By David F. Rooney
Here’s something you don’t see every day: a federal Member of Parliament intervening in a municipal government’s bylaw approval process.
MP David Wilks is doing just that on Tuesday, July 9, when he flies to Vancouver speak at a Vancouver public hearing against a bylaw that will attempt to “to prohibit the handling, storage and trans-shipment of coal at marine terminals and berths.”
Wilks, who was here on the weekend to take part in the 2013 Timber Days festival, said in an interview Saturday morning that, if successful, the bylaw would halt the shipping of coal from Vancouver. The public hearing for the proposed zoning bylaw amendment has been scheduled for Tuesday evening. It is the seventh item on their agenda. After the public hearing, Council can choose to discuss the item and make a decision the same evening or defer their discussion and/or decision until a future date.
“Coal is BC’s largest single export commodity,” he said. “The mines in the Elk Valley are the main employers in the area and its handling as freight pays for a lot of jobs in the CPR.”
According to the Coal Association of Canada, about 80% of Canada’s coal exports are shipped through British Columbia mainly because 90% of Canada’s coal deposits are located in western provinces. In 2010, Canadian ports helped facilitate the export of approximately 33 million tonnes of coal, a 22% increase from the year before.
There are three ports in and near Vancouver that handle international and domestic shipments of coal: Port Metro Vancouver, Westshore Terminals near Roberts Bank, and Neptune Terminals on the North Shore.
By early 2013, western-based Westshore, Neptune and Ridley Terminals will see over $1 billion invested in improvements to the efficiency and capacity of their terminals. This includes the addition of more than 20 million tonnes in coal handling capacity, the association said on its website.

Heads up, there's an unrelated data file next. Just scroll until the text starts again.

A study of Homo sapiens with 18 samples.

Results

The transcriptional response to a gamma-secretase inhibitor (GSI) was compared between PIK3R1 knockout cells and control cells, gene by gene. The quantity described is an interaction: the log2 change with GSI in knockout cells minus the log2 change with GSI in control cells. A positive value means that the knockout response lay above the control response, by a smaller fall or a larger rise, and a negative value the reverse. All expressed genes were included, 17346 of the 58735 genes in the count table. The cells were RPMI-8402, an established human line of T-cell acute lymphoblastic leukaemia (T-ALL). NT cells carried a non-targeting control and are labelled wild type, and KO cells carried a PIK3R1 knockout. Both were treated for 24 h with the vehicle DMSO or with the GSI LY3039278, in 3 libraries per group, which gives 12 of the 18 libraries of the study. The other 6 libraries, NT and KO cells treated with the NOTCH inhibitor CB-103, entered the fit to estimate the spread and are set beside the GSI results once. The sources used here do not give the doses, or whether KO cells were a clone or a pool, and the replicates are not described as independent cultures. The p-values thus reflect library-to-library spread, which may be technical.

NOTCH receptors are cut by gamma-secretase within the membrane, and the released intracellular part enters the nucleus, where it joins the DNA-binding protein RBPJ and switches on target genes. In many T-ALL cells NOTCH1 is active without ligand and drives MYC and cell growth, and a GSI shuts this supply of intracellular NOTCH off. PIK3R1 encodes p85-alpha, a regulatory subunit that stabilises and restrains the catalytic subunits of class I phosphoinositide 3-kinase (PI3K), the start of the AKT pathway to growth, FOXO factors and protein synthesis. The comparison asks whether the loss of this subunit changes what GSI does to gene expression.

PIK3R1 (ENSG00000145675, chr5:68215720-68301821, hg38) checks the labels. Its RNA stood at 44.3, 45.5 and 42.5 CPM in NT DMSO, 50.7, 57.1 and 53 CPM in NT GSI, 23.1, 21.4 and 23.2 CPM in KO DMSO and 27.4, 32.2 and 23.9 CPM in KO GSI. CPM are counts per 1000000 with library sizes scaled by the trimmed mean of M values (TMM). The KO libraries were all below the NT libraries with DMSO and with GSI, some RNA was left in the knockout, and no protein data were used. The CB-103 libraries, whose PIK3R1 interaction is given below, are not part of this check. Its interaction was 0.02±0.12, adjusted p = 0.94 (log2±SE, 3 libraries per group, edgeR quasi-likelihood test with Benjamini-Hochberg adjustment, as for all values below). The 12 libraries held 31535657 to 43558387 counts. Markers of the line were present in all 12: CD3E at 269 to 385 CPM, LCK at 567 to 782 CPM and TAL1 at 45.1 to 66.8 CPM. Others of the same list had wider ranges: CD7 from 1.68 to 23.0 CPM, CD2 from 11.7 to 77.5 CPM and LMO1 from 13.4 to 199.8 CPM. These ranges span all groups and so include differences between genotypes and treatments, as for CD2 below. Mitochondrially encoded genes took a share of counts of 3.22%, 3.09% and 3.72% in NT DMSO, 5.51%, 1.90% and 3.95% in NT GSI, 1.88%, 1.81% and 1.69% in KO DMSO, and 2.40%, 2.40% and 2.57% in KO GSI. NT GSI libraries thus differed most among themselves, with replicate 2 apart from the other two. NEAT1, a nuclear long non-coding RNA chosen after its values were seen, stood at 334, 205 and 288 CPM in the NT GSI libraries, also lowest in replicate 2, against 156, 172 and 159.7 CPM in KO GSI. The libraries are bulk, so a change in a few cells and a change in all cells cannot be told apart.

About 42,000 people are employed in the coal mining industry across Canada. Coal mining is an important contributor to Canada’s GDP – contributing an estimated about $5.2 billion in direct and indirect impacts in 2011. In recent years the industry has seen remarkably strong growth in revenue and capital investment. Between 2001 and 2010, revenue grew by 14.6% and during the same time frame capital investments grew by 19.3%.
There’s no coal mining in Revelstoke but in the Elk Valley, located in the eastern part of the federal Kootenay-Columbia, it is by far the most important industry. That importance is felt here as local CP Rail employees help move all that coal to terminals in the Vancouver area.
“The recommendation is made to reduce the impact of coal shipping within the city, to act in the best interests of public health and to support the attainment of the Greenest City Action Plan,” says the City of Vancouver report that is being used to justify the prohibition.
“There are two types of coal: thermal coal, used for power generation, and metallurgical coal used to make steel. The health implications of coal not only come from the emissions generated when it is burned, but also from the coal dust blown from stored coal or when coal is transported and handled. Coal dust is known to cause both acute and chronic respiratory health problems.”
However, the report does not contain any data on the frequency of coal-caused health problems in Metro Vancouver, which, incidentally, has a Greenest City Action Plan aimed at making it the greenest city in BC, Canada and the World.
“In view of the lack of a Health Impact Assessment which provides Council with reassurance of the safety of a coal handling facility and the overall goals of the Greenest City Action Plan… The proposed amendment would prohibit the handling, storage, and trans-shipment of coal as part of a Marine Terminal or Berth use on lands within the jurisdiction of the City. The impact would be to reduce the handling of coal and the transportation of coal to such lands.”